The Clash of Diversion and Persistence

Yesterday, I was talking with a thoughtful person who works for a high-powered company.  His insight is that, even though this is a solid company for which he likes to work, there is a problem.  That problem, very obvious to him, is this: the end-point or goal of the company is to make money.

His point was this: Making money, a thousand years ago, used to be a means to an end, not an end in and of itself.  Now people in modern cultures do not even think twice about this.  The central goal of too many companies is to make money.

When means to ends (such as making money) become desired ends, then our purpose in life can get fuzzy.  After all, if the means is the end we have stood our priorities on their heads and so our quest for genuine meaning in this life gets obscure.

When we do not know why we are here, we feel pain and experience confusion.  When the pain and confusion settle in, there tends to be a quest for diversion, entertainment, a moment’s pleasure spent to block the pain and avoid thinking about the confusion.

Diversions themselves now have become a large part of our ends in modern societies.  After all, how much per capita per year is spent on entertainments and diversions?  When diversions then become ends, we weaken in persistence toward meaningful goals.  After all, diversions call for change, variety, pumping adrenaline for a few hours of pain reduction.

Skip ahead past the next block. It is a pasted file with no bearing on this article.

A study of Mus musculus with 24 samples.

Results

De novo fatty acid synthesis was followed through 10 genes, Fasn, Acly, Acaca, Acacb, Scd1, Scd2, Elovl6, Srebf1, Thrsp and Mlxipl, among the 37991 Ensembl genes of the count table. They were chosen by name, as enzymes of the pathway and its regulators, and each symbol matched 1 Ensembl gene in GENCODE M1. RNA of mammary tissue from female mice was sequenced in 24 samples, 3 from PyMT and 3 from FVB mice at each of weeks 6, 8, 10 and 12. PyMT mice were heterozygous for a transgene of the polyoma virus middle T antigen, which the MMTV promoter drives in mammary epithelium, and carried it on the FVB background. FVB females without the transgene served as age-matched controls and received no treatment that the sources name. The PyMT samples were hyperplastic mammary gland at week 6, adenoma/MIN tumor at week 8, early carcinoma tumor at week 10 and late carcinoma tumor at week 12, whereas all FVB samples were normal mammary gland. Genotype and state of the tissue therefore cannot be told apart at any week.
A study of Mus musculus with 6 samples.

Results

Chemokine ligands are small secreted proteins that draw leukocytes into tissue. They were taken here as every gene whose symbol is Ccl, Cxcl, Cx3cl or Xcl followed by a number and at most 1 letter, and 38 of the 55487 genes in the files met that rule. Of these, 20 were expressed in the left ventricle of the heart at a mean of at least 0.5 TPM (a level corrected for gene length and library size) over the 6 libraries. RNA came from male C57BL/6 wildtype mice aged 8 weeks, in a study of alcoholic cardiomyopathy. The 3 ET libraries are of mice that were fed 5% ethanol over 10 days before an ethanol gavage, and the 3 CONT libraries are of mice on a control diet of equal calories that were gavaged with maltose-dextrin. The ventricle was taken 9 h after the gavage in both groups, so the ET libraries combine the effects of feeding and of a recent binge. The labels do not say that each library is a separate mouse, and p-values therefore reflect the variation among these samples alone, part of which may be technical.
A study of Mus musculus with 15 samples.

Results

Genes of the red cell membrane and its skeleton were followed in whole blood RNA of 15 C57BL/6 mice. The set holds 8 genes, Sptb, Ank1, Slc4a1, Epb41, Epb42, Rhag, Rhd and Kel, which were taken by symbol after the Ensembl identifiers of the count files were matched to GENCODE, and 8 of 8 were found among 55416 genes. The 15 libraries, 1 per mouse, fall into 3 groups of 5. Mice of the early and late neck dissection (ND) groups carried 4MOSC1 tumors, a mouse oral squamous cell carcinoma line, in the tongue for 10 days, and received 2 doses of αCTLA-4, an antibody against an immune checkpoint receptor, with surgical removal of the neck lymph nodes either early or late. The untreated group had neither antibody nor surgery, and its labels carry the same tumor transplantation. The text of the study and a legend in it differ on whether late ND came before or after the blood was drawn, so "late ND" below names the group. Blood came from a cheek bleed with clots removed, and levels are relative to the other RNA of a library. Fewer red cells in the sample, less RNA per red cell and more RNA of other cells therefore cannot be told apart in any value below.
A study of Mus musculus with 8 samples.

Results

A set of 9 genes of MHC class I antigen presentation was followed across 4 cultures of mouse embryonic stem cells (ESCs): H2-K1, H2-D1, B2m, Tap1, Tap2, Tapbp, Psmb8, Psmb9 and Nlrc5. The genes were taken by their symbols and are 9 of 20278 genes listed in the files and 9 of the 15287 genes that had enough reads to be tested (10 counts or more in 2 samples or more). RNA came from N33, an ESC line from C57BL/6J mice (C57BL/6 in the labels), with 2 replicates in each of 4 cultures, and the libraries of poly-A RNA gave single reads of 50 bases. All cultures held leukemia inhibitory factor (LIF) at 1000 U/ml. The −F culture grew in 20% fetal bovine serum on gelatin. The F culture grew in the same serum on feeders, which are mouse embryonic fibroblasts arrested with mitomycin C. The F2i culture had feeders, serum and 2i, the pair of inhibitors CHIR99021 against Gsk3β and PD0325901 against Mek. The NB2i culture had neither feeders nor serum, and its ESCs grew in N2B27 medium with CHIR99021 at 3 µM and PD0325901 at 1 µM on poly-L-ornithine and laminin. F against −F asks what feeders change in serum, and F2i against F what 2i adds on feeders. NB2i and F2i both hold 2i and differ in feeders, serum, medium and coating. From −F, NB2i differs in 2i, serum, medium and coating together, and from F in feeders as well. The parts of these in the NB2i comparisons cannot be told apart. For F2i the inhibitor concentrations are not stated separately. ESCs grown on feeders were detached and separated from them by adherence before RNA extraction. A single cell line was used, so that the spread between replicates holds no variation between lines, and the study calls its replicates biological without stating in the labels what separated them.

When we lose sight of true goals and fall into diversions and fall into the trap of constant variety, we lose our sense of persistence and our strong will weakens.

So, then, what does all of this have to do with forgiveness?  Precisely this:  I have seen that too many people come rushing into the practice of forgiveness with enthusiasm and passion, but then just cannot sustain the effort over months and years as they quest for the next “new thing.”  And even that “new thing” gets old fast when diversion and pleasure and money-making are the culturally-created ends.

And so forgiveness does not mature and when the pains of injustice come, there is no strength to meet the pains with mercy and love and so the pains are passed to others who now must divert from their pain…..and on it goes.

We need, first, insight that this is happening.  Then we need to take a courageous look at our wills to persevere in the necessary issues that make us and others more human and forgiveness is one of these.  And we need to persevere in these necessary issues and not let diversions dominate….for the good of humanity.  Long live forgiveness.  Long  live our pursuit of it.




  1. Samantha says:

    I have never seen such a concise summary of the malaise of our times. You are spot on as far as I am concerned. We too often learn the lesson of our weak wills only after life has handed us a challenge that we find hard to handle. Better to persevere with forgiveness now and not divert from it. Difficulties are likely to come our way in this fallen world.

  2. Martha says:

    I’ve been reading your blogs for a little diversion…….only kidding. Good set of points worthy of reflection.

  3. Chris says:

    With all the choices on the Internet these days, people’s attention seems to be shortening. As attention shortens maybe the will to persevere will weaken.